Game of Thrones has often been a bleak affair. Westeros has proven to be a place where good is trampled under the foot of evil and virtue is the mark of the naïve. This idea was hammered home in the first season with the death of Ned Stark. People like myself, someone who had never read George R.R. Martin’s five volume (and counting?) epic Song of Ice and Fire, watched the first season assuming that the story of Game of Thrones was the story of Ned Stark. It’s what made the most sense to those of us who are experienced sci-fi/fantasy viewers. When things are the bleakest, the hero, a man with strong character and conviction, throws himself into the melee to expel the forces of darkness with their unyielding light. It’s the story that Star Wars, Lord of the Rings, The Chronicles of Narnia and others have been telling, with varying degrees of nuance, for decades. When he was arrested and sentenced to die, my money was still on Ned Stark making it through. I watched him be dragged to the executioner’s block wondering how it was that he was going to get out of this pickle. It never occurred to me that Ned Stark might die until the blade had done its work, separating his head from his body. And Ned was just the beginning. If there’s one thing that has been consistently true in the struggle for the Iron Throne, it’s that you can count on the plans of good men being thwarted.
Over the course of season seven, though, I’ve seen a change in that tone. As winter moves south, hope has started to bloom, and it’s because of the seeds planted by Ned Stark. To the world around him, Ned’s character may have been the weakness that cost him his life. While his time in Kings Landing was marked on the outside by its futility, it solidified something so much more important than political power, his legacy. In many ways, Ned was one of the main players in the season finale. His name was on the lips of Cersei, who knew that she could trust the word of Jon Snow because she knew his father. He was on the minds of Sansa and Arya as they brought the man who tore their family apart to justice (finally!). And his words were in the heart of Jon as he stood to tell the truth in spite of everyone else wanting him to keep it to himself. “When enough people make false promises, words stop meaning anything, there’s no answers, only better and better lies,” said Jon, echoing Stark. Furthermore, Jon’s moral compass, instilled in him by the man he knew to be his father, gave him the inclination to forgive the duplicitous Theon Greyjoy, inspiring him to grow a pair (sorry) and go save his sister. That’s the power of legacy. For all we know, it’s entirely possible that season 8 ends with Jon Snow and Daenerys Targaryen being buried in a shallow grave while Cersei Lannister ascends the stairs to the Iron Throne. But for now, hope grows as the cold moves in, and it appears that Ned Stark will still have a say on the world that emerges when the winter is over. Game of Thrones is available to stream on the HBO GO and HBO NOW apps.
Sometimes Netflix recommends some dumb things that I wouldn’t ever think about watching. Sometimes I watch one anyway because I’m bored and Netflix blows my mind. The latter happened to me this week when for no good reason at all, I decided to take Netflix’s advice and watch CW’s Riverdale. Riverdale is a reimagining of the classic Archie comic. It feels like Archie, Jughead, Betty and Veronica thrown in to the world of Veronica Mars. That’s not an insult. Veronica Mars is one of my favorite shows of all time. The show subverts its source material’s wholesome vibe by digging into the underbelly of a town run by powerful families hiding terrible secrets. It’s funny, sexy, intense and intriguing. It makes the most of its 13-episode first season order by telling a well-paced story that ends with enough threads dangling to keep viewers on the hook for its second season. If you’re looking for a short little series to hold you over until the fall season launches in late September, you could do a lot worse than Riverdale. Riverdale is currently streaming on Netflix. Season 2 airs on The CW beginning October 11.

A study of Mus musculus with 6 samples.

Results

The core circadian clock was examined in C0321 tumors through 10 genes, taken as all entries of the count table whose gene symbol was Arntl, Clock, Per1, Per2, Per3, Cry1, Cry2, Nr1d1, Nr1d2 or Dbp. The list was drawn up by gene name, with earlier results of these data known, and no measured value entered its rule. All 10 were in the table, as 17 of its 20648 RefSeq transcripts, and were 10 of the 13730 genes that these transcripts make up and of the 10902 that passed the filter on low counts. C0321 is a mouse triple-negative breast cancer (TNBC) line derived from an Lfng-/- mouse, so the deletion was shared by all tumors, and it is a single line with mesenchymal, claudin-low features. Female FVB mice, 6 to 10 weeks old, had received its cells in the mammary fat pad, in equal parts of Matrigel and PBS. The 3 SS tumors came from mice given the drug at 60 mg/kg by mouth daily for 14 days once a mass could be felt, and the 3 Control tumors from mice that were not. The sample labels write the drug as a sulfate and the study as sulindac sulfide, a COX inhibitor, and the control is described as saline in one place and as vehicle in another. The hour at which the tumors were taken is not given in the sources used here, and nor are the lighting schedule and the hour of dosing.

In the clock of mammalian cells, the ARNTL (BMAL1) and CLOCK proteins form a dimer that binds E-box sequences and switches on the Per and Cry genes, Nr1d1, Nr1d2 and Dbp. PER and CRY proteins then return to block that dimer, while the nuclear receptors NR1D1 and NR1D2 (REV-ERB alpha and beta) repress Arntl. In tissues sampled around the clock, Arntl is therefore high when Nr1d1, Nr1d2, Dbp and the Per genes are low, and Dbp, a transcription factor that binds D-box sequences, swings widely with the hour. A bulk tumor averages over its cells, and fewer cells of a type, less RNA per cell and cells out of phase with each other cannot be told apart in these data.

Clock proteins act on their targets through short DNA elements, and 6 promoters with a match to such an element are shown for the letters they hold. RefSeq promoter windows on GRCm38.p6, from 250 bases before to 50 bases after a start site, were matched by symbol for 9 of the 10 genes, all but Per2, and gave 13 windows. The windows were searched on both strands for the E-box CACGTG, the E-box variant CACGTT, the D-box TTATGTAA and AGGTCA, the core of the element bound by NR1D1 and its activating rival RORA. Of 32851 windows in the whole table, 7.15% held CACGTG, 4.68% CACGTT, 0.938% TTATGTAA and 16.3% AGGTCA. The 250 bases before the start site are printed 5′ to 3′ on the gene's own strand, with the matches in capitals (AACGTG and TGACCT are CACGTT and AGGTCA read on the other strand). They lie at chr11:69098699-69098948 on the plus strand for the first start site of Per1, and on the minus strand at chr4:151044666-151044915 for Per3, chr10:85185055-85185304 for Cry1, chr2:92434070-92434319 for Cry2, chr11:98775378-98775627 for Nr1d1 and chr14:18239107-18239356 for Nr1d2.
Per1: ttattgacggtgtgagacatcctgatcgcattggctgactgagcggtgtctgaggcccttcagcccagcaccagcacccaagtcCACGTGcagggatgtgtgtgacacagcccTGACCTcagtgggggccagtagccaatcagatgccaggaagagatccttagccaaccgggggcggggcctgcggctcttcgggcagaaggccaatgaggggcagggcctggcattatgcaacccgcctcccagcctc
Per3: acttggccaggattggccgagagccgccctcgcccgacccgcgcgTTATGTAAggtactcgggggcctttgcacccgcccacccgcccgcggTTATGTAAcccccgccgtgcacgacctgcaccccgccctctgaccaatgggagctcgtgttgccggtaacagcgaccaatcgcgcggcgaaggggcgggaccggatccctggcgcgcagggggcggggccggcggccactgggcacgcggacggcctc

Another quick series that I’d highly recommend is Amazon’s The Tick that dropped on Friday. It’s an easy watch, 6 twenty-minute episodes, and it’s a lot of fun. I’ve been a fan of The Tick since I started watching the cartoon when I was in high school. Peter Serafinowcz plays the titular character, a large, naïve, seemingly indestructible bloviating blue man who may or may not be wearing a costume. He’s great. He’s long been a reliable comedic character actor in films like Guardians of the Galaxy, The Spy and Shawn of the Dead, and he slides into the lead role very easily. Griffin Newman plays Arthur, Tick’s reluctant sidekick, who has done tireless work trying to prove the continued presence of the presumed dead villain, The Terror, played with a knowing wink and nod by an unrecognizable Jackie Earle Haley. It’s a delightfully funny send up of all things super hero with a lot of room to grow. The first season sets a great foundation for more. The only disappointment was the absence of classic Tick characters like American Maid and Batmanuel. Hopefully we’ll get to see them when the second season comes around. The Tick is currently streaming on Amazon Prime.
That’s all for this week! Fall TV is just around the corner. What new shows do you want us to cover? Leave your comments below!